Late Tuesday, at a high-stakes trial, Beef Products Inc. played a pre-recorded deposition it conducted with ABC’s Diane Sawyer and got a jury in South Dakota to hear the former World News anchor’s testimony that “pink slime” — a term used by critics for lean finely textured beef (LFTB) — constituted a “true description.”
The comment could be important in the multibillion-dollar defamation lawsuit brought by BPI against ABC over a series of reports in 2012 about the beef product. BPI has been staking much of its case on the way that ABC repeatedly used “pink slime” — 361 times, by one expert’s count — instead of the official name. According to the plaintiff, the term carries the implication that LFTB is unsafe, not sufficiently nutritious, and not really meat. Although ABC has been attempting at trial to demonstrate the substantial truth of such implications by showcasing concerns by regulators and customers with the product, the network is also arguing that descriptors are opinions and value judgments, not provable as false statements of fact. Sawyer’s observation of a “true description,” while not definitively establishing “pink slime” as being capable of truth or falsity, seemingly undercuts ABC’s argument and could be used by BPI in closing arguments down the line.
Sawyer was deposed before she was dismissed as a co-defendant in February.
Dan Webb, a partner at Winston & Strawn representing BPI, asked her whether she agreed that “slime” was a derogatory term for a food product.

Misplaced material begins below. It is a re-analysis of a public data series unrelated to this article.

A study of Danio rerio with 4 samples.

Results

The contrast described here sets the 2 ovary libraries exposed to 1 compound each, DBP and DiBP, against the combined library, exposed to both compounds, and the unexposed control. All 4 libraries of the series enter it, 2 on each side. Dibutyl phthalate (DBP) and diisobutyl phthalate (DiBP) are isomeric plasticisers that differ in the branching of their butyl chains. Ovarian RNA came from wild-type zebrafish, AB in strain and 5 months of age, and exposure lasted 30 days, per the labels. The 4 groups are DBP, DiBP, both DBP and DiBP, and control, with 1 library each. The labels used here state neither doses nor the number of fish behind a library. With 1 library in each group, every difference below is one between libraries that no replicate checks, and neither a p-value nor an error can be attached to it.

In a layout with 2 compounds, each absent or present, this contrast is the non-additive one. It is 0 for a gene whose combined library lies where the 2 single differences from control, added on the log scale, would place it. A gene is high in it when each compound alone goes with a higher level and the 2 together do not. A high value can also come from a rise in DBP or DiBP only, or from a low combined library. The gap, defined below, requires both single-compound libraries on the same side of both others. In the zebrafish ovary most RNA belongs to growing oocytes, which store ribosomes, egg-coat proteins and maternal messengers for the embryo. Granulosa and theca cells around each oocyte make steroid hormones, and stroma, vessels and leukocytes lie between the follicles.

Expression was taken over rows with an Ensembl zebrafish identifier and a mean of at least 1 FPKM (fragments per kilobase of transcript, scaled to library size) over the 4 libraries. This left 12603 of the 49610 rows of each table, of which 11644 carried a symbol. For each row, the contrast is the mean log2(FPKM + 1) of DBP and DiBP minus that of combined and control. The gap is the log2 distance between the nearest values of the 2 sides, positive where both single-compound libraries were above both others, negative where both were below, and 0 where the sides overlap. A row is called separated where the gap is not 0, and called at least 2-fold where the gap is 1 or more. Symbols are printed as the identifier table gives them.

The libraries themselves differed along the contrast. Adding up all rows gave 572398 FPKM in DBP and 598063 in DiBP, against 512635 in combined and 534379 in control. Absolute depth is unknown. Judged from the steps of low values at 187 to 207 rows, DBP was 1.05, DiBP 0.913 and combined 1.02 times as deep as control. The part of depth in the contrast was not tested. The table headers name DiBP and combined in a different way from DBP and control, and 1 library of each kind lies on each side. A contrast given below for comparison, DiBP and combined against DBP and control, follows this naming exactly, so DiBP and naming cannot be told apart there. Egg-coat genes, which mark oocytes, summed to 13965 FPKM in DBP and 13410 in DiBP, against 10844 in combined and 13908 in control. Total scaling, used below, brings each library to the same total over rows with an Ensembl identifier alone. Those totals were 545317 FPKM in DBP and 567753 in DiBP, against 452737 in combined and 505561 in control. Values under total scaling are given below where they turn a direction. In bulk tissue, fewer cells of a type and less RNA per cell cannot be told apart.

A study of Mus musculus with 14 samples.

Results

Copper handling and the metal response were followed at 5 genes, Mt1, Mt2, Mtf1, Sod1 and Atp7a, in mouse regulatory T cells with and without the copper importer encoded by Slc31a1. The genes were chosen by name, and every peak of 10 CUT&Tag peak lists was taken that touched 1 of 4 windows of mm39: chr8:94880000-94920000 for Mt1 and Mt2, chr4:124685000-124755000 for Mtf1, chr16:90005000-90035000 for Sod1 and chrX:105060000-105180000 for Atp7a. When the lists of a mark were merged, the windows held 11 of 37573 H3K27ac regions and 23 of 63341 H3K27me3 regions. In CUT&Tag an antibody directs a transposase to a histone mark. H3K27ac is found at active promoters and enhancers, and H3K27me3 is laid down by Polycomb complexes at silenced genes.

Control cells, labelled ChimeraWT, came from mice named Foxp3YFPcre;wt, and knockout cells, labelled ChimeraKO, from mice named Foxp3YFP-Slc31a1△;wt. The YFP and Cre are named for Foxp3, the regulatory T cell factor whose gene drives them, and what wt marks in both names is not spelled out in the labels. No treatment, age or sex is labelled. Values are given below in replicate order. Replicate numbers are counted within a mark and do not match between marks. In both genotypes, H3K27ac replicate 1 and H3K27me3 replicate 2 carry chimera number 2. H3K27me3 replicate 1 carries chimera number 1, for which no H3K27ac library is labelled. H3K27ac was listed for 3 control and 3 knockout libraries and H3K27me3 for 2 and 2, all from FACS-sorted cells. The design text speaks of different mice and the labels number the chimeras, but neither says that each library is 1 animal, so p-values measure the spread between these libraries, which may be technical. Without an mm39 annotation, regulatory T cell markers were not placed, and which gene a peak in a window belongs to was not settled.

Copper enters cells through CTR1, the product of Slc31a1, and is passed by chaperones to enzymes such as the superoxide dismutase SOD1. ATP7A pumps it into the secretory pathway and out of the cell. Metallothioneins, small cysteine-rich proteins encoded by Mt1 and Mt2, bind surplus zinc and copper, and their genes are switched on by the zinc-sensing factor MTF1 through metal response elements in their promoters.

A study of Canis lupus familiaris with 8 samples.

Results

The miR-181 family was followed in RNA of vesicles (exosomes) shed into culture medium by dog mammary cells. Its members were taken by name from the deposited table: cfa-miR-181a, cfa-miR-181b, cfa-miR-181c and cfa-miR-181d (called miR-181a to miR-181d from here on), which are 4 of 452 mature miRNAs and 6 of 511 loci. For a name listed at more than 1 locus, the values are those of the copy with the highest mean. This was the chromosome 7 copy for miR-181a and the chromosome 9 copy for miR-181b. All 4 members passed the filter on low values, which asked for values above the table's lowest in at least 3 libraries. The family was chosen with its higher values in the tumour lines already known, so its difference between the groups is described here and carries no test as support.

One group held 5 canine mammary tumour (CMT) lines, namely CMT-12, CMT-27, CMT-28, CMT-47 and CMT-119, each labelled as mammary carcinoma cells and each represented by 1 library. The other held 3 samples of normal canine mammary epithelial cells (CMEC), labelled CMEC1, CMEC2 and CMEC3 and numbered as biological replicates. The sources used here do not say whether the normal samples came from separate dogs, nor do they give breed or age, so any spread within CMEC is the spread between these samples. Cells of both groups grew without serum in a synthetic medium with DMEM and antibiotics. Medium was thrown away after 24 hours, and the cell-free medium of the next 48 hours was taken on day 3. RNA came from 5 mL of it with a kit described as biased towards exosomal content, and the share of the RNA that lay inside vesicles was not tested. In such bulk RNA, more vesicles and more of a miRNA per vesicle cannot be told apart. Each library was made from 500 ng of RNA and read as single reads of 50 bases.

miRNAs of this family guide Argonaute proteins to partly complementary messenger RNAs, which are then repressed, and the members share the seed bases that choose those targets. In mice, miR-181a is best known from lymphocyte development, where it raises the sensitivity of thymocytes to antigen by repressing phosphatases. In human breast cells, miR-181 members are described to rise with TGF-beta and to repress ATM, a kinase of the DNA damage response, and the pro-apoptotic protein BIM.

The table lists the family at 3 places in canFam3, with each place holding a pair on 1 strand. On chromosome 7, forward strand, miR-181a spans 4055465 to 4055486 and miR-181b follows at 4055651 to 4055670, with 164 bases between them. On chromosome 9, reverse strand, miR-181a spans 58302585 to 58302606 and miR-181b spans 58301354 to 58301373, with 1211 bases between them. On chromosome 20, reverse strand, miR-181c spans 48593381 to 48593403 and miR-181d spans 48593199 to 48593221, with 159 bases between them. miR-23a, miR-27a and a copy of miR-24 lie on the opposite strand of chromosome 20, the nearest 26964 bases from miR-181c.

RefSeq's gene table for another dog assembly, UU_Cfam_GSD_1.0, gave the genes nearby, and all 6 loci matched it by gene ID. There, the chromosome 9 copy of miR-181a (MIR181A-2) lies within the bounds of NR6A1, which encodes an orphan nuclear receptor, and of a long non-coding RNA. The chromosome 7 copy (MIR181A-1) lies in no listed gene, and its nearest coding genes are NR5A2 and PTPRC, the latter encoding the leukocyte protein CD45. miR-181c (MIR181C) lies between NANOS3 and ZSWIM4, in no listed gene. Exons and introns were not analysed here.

“I agree it is not a distinctively appetizing term,” responded Sawyer. “I agree it is not pleasant. I am told it is descriptive. It is a true description.”
Webb, who focused much of his deposition on attempting to establish that Sawyer and others at ABC had hoped to instigate a “citizen’s brigade” marching into supermarkets with concerns about LFTB, seemed to realize the significance of what Sawyer had said when the deposition occurred. He paused, and after a beat, followed up by requesting confirmation from Sawyer that “pink slime” was indeed a “correct” descriptive term.
“It was a description of what it was like in the process,” said Sawyer on her second opportunity.
“Have you ever observed the process whereby LFTB is manufactured?” asked Webb.
“Not personally,” answered Sawyer.
“Have you seen photographs?” questioned Webb.
“I saw one,” said Sawyer.
Interestingly, South Dakota judge Cheryle Gering dismissed BPI’s claims against Sawyer precisely because she believed “pink slime” was accurate. According to a transcript of the summary judgment hearing in February, the judge pointed to Sawyer’s comments about pink slime being accurate because it captured public controversy as not being “sufficient to show reckless disregard or knowledge that was untrue.”
In other words, as a public figure, BPI failed to show actual malice on Sawyer’s part, but the judge left the door open elsewhere. At trial, the plaintiff must now make that case. For instance, jurors were also shown a deposition of ABC producer Brian Hartman, who was asked about a letter sent to ABC after the first “pink slime” report on March 7, 2012. The letter from BPI and the American Meat Institute discussed how beef trimmings used in LFTB were of similar quality to other cuts of meat. “I didn’t even read this letter as far as I can tell,” Hartman said.
On summary judgment, Gering ruled that a jury could find that ABC “was pursuing a negative spin on its story from the beginning before any research was done and then took steps in its investigation only to hear and report what fit within that negative image.”
During her deposition, while struggling to remember conversations in 2012, Sawyer defended ABC’s journalism.
“I read the script, and it seemed to be absolutely factual and fair to me as raising an important issue,” she testified. “We were in the business of trying to get answers for consumers.”